Gov. Quinn Calls For New Capital Construction Program
Illinois’ largest capital construction program expires next year, and Gov. Pat Quinn say he hopes to introduce a similar plan. However, it is unclear how that would be funded.
Quinn stopped in Urbana on Monday to announce $6.4 million in state support for transportation projects in east central Illinois.
The money comes from Quinn’s Illinois Jobs Now! program, which began in 2010 and ends next year. The grant money is for any local transportation needs, such as repaving a street or fixing a curb or gutter. Projects will be chosen locally, and receive oversight from the Illinois Department of Transportation.
The funding announced Monday in Urbana is going to the following counties: Champaign, Coles, Cumberland, DeWitt, Douglas, Edgar, Effingham, Ford, Iroquois, Macon, Moultrie, Piatt, Shelby and Vermilion. The governor also awarded nearly $3.5 million in grants for transportation projects in Chicago's south suburbs.
Gov. Quinn promised to push for another capital construction plans.
“We have more to build,” he said. “We’re doing more building on (the University of Illinois) campus. We’re over at Parkland Community College, building. We have to understand that if we don’t build; we don’t invest; we don’t grow. We have to grow, and have a strong economy.”
Funding for any future bill remains uncertain.
“We’ll get to that,” Quinn said. “Obviously, that’s a key part of the equation.”
Meanwhile, with the General Assembly’s fall veto session a week away, the legislative committee tasked with coming up with a solution to the state's nearly $100 billion pension crisis is divided, according to The Associated Press.
Lawmakers cannot consider the pension proposal unless it is signed by six committee members. Gov. Quinn said he has met with the committee, and plans to meet with more of the members this week.
They have done a lot of research,” Quinn said. “They’ve used actuaries and all kinds of stuff, and hopefully they will have a plan that they will unveil shortly that can be considered by the House and the Senate and voted on. Hopefully they can pass it, so that it comes to my desk, and I can sign it into law.”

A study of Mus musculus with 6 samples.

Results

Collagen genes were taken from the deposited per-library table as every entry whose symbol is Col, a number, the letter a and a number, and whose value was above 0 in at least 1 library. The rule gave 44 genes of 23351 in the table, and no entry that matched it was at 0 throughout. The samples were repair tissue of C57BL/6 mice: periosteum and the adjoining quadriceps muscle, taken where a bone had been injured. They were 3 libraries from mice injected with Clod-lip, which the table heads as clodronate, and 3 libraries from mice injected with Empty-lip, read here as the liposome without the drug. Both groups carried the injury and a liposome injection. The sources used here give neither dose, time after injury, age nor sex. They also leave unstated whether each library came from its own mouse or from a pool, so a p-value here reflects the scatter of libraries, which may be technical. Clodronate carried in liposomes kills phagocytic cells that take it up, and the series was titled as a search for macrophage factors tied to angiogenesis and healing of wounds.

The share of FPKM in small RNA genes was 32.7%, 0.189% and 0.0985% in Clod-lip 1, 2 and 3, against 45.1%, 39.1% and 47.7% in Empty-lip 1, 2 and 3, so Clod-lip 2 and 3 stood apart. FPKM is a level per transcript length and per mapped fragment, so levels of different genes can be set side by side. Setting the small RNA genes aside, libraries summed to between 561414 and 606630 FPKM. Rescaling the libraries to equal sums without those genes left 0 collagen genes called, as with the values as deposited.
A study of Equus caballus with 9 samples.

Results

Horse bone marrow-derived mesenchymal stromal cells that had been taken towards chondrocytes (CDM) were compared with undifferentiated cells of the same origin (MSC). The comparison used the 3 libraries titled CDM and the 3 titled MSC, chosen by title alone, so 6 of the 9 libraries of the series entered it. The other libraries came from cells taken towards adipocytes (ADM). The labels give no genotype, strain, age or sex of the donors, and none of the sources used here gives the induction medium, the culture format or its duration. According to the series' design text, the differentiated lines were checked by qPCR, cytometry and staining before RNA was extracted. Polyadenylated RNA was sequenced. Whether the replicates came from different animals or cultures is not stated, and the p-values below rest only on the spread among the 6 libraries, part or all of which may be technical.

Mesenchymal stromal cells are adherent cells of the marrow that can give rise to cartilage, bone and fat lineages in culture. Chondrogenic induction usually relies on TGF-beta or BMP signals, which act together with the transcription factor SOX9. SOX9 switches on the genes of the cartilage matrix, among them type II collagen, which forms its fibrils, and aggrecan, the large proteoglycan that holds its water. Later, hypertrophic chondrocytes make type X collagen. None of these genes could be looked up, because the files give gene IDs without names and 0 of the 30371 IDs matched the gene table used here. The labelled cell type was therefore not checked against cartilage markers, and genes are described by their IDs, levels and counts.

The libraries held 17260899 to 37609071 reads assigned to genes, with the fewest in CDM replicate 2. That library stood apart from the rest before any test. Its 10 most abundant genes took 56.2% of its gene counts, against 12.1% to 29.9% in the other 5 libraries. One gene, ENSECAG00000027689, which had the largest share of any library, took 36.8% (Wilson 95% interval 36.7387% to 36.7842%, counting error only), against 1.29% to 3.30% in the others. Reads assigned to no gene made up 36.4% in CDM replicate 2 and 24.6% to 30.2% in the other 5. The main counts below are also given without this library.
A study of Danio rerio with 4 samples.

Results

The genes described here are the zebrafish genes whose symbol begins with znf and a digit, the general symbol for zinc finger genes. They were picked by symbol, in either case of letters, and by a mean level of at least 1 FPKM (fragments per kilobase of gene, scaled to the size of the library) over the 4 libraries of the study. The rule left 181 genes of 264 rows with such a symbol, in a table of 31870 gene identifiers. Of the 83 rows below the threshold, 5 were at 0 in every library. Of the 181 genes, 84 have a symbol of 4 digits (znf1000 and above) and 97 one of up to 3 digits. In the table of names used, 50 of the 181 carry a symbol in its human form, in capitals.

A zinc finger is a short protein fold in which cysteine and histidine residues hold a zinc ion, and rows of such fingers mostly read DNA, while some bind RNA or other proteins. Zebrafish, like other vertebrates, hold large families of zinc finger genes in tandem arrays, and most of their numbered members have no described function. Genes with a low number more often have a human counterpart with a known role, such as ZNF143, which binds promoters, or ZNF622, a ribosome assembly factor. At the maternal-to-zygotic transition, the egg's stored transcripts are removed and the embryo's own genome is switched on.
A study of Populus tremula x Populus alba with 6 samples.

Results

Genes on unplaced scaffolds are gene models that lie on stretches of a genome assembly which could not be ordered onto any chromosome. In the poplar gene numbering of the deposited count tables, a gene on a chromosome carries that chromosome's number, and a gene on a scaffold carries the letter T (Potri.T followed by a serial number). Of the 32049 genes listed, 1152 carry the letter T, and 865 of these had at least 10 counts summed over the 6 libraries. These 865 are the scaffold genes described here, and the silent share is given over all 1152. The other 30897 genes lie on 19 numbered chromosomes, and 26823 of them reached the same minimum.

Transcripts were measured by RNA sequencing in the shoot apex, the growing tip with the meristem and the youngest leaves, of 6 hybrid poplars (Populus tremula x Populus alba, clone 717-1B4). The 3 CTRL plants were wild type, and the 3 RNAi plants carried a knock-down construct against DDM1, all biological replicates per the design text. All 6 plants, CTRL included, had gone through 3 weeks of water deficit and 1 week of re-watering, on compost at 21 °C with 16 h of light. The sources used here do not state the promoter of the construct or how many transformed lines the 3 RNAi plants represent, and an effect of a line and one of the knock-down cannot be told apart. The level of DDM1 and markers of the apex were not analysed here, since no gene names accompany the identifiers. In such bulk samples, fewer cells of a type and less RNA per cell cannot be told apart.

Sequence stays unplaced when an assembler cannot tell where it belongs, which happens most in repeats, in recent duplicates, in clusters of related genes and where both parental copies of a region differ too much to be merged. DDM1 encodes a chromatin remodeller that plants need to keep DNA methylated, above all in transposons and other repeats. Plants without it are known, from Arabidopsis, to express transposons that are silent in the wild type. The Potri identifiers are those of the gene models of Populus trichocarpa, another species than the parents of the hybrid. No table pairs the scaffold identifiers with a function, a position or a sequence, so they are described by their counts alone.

“We want to make sure it’s constitutional,” he added. “We want to make sure it’s fair to everyone, and if this happens, it’ll be a great step forward for our economy in Illinois.”
Quinn said any legislation dealing with tax breaks must be put aside until there is a pension agreement, a point he made earlier this month in response to a push to offer tax breaks to Archer Daniels Midland Company to keep it from moving its global headquarters from the state.
“Any special legislation that would give tax breaks to ADM or any other company I don’t think is the proper priority right now,” Quinn said on Monday. “The priority is pension reform that is constitutional and fair, and so I think the company would be best off helping us get pension reform.”
Last month, ADM announced that after 44 years in Decatur, it’s moving its headquarters. While it will not say what locations it is considering, Chicago officials have said the city is in the running.
Another development effort that Quinn talked about is Illinois’ bid to get a $1.2 billion fertilizer plant in Tuscola. He said he met with the developers of the project, and this year signed a bill to provide incentives to Cronus Chemical LLC to build the plant in Tuscola.
“This would be a very large economic endeavor, and it would create a lot of jobs and also help our manufacturing and our agriculture,” Quinn said. “There are other states that are competing with us, and we have to put our best foot forward. Iowa is the major one.”
The plant would employ about 150 permanent positions, and 2,000 short-term construction jobs.
Quinn’s office also confirms that the governor has made significant headway in addressing a backlog of 2,500 clemency requests that piled up under former Gov. Rod Blagojevich. A Quinn spokesman said there are now 200 requests that have not been addressed from when Blagojevich was in office.
Last week, Gov. Quinn granted 65 clemency petitions, and denied 124. He said he regularly meets to discuss pending clemency petitions.
“You have to take each case individually, look at all the facts, and make a decision,” he said. “I’m very sympathetic to Solomon and the old Testament. He had to make a lot of decisions, and you hope you make the right ones. You try to apply your conscious to every single case.”